Meet Your Teacher: Barbara Hofmeister

Barbara Hofmeister

Editor’s note: Meet Your Teacher is a feature of the Independent that introduces readers to a community member. To receive a profile form, send an e-mail to ajeditor@newszap.com.

Name: Barbara Hofmeister.

Age: 80.

Where I live: Mountainbrook Village in Gold Canyon.

Where I teach: Three campuses at Central Arizona College in Pinal County.

What I teach: Life-story writing.

How long at school and how long in teaching: I think I have been a teacher since my children were little. I had been trained in the U.S. Air Force as a medical technologist and worked in that field until my last two children were little. Getting kids off to school and the babies to a babysitter was draining. I happened to go to a Tupperware party and thought, “I could do that in the evenings and quit the hospital.” I did just that and considered myself a teacher instead of a salesperson because I was helping homemakers be smarter in the kitchen and I was very successful. When my husband and I retired early in 1989, we sold everything we had and moved into a little motor home to travel full-time. Everyone we met in campgrounds thought it was wonderful and wanted to find out more so we started doing seminars to answer all the questions we had been getting. Soon that evolved to three books on the subject, which we self-published. After 14 full years of not only educating people on the lifestyle and also volunteering in many national parks as tour guides (still educating), we finally settled down here in Arizona early in 2003. And it was then that I started teaching the life-story writing classes and began working on my own story, which I finished in 2012. I had my first classes in Mountainbrook then in 2006 started with the college. Because so many wanted the class I branched out to various communities and held the eight-week classes there sometimes doing three or more communities each week. I’ve been back at the college since 2010.

What I like most about what I do: People really appreciate what I do and they generally can’t thank me enough.

What is the most challenging aspect of teaching: I want short, concise stories that stick to the title and at first the writers write too much and can’t seem to stop at the end of the incident. It generally takes a couple of classes before they get that firm in their mind.

My classroom philosophy: I want everyone to feel they can share even the most awful story and not be judged because we all have them. In fact I give the first sample story, which is my own, and it is graphic and scary.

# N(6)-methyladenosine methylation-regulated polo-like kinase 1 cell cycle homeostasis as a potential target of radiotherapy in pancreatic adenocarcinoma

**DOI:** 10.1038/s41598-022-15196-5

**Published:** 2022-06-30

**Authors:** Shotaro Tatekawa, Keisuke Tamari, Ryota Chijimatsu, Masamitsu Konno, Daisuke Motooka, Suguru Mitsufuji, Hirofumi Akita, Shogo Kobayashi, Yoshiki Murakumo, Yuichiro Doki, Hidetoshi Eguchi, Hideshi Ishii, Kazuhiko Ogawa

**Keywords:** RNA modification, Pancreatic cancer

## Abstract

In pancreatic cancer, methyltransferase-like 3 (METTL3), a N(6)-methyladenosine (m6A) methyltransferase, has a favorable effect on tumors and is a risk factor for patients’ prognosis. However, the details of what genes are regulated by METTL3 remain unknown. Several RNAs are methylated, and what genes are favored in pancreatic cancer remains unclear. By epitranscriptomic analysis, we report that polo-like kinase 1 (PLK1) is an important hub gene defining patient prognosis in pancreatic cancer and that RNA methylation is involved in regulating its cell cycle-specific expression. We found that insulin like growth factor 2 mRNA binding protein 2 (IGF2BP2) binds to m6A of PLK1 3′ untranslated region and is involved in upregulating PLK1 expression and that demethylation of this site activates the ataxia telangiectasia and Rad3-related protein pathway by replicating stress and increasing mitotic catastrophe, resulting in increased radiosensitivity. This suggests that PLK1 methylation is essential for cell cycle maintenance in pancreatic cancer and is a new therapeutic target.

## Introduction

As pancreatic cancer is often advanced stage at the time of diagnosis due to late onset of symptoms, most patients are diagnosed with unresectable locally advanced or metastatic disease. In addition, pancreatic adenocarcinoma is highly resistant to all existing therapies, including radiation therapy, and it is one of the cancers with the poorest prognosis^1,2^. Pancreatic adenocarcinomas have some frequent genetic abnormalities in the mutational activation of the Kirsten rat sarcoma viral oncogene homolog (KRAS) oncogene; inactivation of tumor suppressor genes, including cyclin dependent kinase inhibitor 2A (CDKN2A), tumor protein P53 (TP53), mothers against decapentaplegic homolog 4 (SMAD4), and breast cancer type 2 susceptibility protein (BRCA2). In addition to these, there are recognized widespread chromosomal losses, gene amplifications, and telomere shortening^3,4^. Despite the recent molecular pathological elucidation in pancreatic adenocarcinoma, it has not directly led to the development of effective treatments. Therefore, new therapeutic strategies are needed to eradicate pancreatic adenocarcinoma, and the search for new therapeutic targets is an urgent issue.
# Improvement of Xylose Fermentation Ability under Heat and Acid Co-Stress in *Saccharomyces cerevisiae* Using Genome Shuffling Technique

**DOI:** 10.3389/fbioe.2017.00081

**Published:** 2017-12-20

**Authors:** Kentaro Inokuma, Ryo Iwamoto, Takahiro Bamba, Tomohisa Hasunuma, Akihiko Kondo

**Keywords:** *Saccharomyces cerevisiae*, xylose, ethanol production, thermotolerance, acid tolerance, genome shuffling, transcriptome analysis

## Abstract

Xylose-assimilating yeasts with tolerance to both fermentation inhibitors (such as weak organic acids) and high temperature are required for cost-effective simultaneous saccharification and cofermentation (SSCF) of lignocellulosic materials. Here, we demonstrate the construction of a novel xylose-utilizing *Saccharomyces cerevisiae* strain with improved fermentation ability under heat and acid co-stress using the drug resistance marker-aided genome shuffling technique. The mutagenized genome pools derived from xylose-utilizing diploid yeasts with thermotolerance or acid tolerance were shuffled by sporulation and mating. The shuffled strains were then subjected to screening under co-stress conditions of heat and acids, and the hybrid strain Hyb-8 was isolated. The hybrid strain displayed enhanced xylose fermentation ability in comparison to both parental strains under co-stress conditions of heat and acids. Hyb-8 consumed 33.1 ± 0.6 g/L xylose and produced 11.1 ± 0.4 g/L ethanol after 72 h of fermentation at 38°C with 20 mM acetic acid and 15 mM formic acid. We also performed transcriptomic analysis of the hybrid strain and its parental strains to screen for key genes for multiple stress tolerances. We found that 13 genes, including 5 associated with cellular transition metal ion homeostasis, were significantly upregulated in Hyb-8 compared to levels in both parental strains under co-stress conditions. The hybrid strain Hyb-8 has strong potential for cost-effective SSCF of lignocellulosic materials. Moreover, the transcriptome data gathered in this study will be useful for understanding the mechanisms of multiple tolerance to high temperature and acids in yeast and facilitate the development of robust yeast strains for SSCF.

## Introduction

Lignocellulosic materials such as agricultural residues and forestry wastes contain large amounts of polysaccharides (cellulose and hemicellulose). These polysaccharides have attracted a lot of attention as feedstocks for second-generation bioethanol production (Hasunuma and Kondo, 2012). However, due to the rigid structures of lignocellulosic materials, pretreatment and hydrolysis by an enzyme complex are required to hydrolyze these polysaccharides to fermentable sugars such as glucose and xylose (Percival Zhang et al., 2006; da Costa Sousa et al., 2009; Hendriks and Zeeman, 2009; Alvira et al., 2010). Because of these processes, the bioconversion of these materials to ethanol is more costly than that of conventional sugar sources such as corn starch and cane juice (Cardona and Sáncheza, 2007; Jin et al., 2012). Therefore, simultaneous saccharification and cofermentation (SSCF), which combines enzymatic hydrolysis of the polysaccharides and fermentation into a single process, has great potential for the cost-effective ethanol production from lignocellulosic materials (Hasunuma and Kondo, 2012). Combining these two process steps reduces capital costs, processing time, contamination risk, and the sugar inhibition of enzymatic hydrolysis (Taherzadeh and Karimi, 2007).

How I handle difficult days: Believe it or not there are no difficult days. My students are there because they want to write their story and they work diligently at it.

If I had picked a different occupation, it might have been: I wanted to be a writer when I was in high school so that is what I might have chosen.

My interests and hobbies: I love playing bridge and pinochle in my community. I also have directed eight plays and four variety shows since living in Mountainbrook. And I acted in two other plays, which was fun.

My family: I have four children but they left home before I did and they live in southern California, southern Florida, Seattle and Kansas City. My husband died early in 2012.

The trait(s) I admire in others: Their endurance. Because the students have to read their stories in class each week, I have heard of some awful things that have happened to people and yet they survive.

People who inspired me (and how): A woman in one class wrote about the accident in which her three sons were killed on the same day while installing some electrical equipment for their business. These weren’t boys, they were men with families. I can’t imagine healing after that but she taught us that time heals all wounds.

My advice to my students: I encourage them to write about anything in their life without worrying about who else it will affect. After it is written they don’t have to put it in their book, but they will find that writing heals. If it is something bad that they have been carrying around, they don’t have to own it any longer.

What is one side effect of teaching this class you didn’t expect: Imagine a class of 16-20 strangers who start sharing their stories aloud in class. They listen and care and it becomes a lot like group therapy. And they stay friends. It is awesome.


eave a legacy for your children, grandchildren and great grandchildren yet to be born. Write your life story. It is easy with Barb Hofmeister’s help. She teaches an eight-week class at three campuses of Central Arizona College.
The fee for the course is $99 and a textbook is included. Classes are limited to 20. To register for a class, call 480-677-7721 or e-mail Joel Beck joel.beck@centralaz.edu.
Ms. Hofmeister’s teaches writing short stories from different parts of your life starting with early childhood and continuing on until retirement. You do not need any writing experience. If you can write a letter, you can write your story. You won’t believe how easy it is. And the class is fun and friendly with everyone sharing their stories.
She has been teaching life story writing in the east Valley since 2006 and she has completed her own life story, “My Rocky Road to the Good Life—the whole story.” It is available on Amazon.com.